MOJAVE, Calif. (Virgin Galactic PR) — Our SpaceShipTwo, VSS Unity, is entering the next stage of testing. During this phase of the flight program we will be expanding the envelope for altitude, air speed, loads, and thermal heating. We also plan to burn the rocket motor for durations which will see our pilots and spaceship reach space for the first time. Although this could happen as soon as Thursday morning, the nature of flight test means that it may take us a little longer to get to that milestone. It has taken years of design and manufacturing work by The Spaceship Company to get to this exciting stage and has required testing of all the parts and subsystems that make up SpaceShipTwo.
Only once we had completed all vehicle ground testing did we take Unity airborne; first mated to her carrier aircraft and mobile “wind tunnel” VMS Eve, then through a series of glide tests and finally to the three successful rocket powered supersonic flights we completed this year.
Incremental flight test programs are by definition open-ended and, to a great extent, each test depends on the data from the test that precedes it. There is no guarantee that everything will work perfectly first time and, like all programs seeking to take bold steps, we will inevitably have times when things don’t go as planned. Our team’s biggest priority is to use meticulous planning and preparation to ensure that stages are dealt with safely, and that every outcome informs and improves future performance.
In any human spaceflight program there is a high level of attention paid to crew safety—including not only what happens when everything is going as planned, but also when something unexpected occurs at any stage of flight. At Virgin Galactic, this approach is brought sharply into focus by the fact that SpaceShipTwo is crewed by two pilots. This means that circumstances may require the team to cancel or change plans either before take-off or in-flight in order to bring our pilots and the spaceship home safely. None of this though, takes away the excitement, anticipation and great pride of being at the vanguard of a new space age and of history in the making.
FOURTH ROCKET POWERED TEST FLIGHT GOALS
So, what are the plans for the next flight? Our window for our fourth powered test flight opens on December 13, 2018. We are currently planning to fly at the opening of that window on Thursday, pending acceptable weather and technical readiness. Overall the goal of this flight is to fly higher and faster than previous flights. We plan to burn the rocket motor for longer than we ever have in flight before, but not to its full duration. At the end stages of the rocket burn in the thin air of the mesosphere and with the speeds that we expect to achieve, additional altitude is added rapidly. That results in new and important data points, particularly relating to supersonic handling qualities and thermal dynamics, both of which we will be watching closely in the cockpit and on the ground in Mission Control. These observations will largely determine at what stage we decide to shut the rocket motor down. If all goes to plan our pilots will experience an extended period of micro-gravity as VSS Unity coasts to apogee, although – being pilots – they will remain securely strapped in throughout. They should also have some pretty spectacular views which we look forward to sharing as soon as possible post flight.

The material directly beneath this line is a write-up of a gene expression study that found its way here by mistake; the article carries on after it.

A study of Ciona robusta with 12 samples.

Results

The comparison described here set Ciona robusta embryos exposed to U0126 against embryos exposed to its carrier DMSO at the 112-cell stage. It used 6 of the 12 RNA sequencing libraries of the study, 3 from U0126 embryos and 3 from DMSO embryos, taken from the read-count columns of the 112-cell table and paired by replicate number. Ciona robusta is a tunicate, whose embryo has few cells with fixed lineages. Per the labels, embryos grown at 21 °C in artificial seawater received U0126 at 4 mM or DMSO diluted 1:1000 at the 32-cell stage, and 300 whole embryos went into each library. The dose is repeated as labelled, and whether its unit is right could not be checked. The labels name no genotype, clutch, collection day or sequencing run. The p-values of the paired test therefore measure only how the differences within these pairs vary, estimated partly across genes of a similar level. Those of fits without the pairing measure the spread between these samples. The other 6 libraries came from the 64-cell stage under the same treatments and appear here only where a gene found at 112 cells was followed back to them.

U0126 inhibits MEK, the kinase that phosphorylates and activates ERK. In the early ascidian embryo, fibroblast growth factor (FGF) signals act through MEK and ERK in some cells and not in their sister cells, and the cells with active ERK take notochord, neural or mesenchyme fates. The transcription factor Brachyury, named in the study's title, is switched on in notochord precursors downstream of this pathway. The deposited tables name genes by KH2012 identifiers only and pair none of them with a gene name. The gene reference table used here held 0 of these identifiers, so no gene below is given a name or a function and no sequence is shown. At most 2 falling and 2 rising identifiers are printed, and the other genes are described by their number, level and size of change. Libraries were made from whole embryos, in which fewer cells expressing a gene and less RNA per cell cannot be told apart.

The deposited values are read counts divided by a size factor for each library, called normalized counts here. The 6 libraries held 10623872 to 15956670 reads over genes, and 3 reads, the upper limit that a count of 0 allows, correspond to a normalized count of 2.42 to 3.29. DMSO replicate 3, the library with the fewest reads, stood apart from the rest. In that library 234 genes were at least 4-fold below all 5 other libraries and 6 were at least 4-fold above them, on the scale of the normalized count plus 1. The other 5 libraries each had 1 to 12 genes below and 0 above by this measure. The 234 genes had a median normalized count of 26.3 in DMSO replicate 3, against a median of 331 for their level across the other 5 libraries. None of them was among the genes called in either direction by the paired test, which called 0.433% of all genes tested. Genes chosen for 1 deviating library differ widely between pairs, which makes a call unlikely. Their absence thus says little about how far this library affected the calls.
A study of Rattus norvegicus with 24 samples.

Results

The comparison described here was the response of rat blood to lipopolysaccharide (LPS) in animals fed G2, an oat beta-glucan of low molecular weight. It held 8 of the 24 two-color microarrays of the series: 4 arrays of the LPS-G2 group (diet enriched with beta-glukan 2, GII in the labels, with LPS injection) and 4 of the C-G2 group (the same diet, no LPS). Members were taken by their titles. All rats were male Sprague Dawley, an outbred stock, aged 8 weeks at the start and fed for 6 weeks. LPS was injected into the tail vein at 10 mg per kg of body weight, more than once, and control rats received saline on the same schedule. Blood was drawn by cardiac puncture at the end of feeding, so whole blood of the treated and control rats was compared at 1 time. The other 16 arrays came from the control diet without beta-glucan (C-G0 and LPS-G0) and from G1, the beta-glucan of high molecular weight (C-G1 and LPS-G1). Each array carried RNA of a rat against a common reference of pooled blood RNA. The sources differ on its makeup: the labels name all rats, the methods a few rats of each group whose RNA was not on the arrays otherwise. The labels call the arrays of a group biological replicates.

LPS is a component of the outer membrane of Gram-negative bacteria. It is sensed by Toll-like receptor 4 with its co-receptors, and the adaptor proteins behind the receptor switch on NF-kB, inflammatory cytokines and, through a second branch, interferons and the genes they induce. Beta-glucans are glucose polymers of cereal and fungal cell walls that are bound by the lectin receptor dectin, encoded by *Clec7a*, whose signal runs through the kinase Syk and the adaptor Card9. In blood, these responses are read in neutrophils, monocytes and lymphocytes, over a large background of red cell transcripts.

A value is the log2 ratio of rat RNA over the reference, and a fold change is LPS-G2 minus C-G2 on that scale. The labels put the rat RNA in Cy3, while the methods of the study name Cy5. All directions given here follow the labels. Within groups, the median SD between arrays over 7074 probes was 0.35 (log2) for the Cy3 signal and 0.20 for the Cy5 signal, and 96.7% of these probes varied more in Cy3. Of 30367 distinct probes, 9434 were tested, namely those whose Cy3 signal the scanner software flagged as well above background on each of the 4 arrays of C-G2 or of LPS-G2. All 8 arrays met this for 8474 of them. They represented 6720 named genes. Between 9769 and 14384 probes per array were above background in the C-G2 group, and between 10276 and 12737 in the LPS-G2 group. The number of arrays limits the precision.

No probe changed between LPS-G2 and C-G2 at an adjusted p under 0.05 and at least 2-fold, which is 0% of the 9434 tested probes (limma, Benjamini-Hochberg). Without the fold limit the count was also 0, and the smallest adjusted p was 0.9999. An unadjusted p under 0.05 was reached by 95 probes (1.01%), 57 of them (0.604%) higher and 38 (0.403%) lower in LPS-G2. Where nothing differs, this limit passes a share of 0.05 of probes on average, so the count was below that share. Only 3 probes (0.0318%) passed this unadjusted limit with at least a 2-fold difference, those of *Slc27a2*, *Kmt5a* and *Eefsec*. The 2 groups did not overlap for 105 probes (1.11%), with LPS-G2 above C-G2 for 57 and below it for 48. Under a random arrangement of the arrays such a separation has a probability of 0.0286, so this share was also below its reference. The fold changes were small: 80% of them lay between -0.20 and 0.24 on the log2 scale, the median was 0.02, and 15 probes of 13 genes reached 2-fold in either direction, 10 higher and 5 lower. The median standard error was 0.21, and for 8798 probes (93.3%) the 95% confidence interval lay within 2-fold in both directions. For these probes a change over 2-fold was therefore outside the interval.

We are at a stage now in our testing program where we want to start simulating the commercial weight distribution in the spaceship represented by our future passengers. Excitingly, we are partly achieving that on the next flight by carrying four research payloads that are part of the NASA Flight Opportunities Program.
Whether we complete all our objectives during the next flight or need to wait a little longer, we remain committed to completing the final stages of this extraordinary flight test program as quickly, but more importantly as safely, as possible.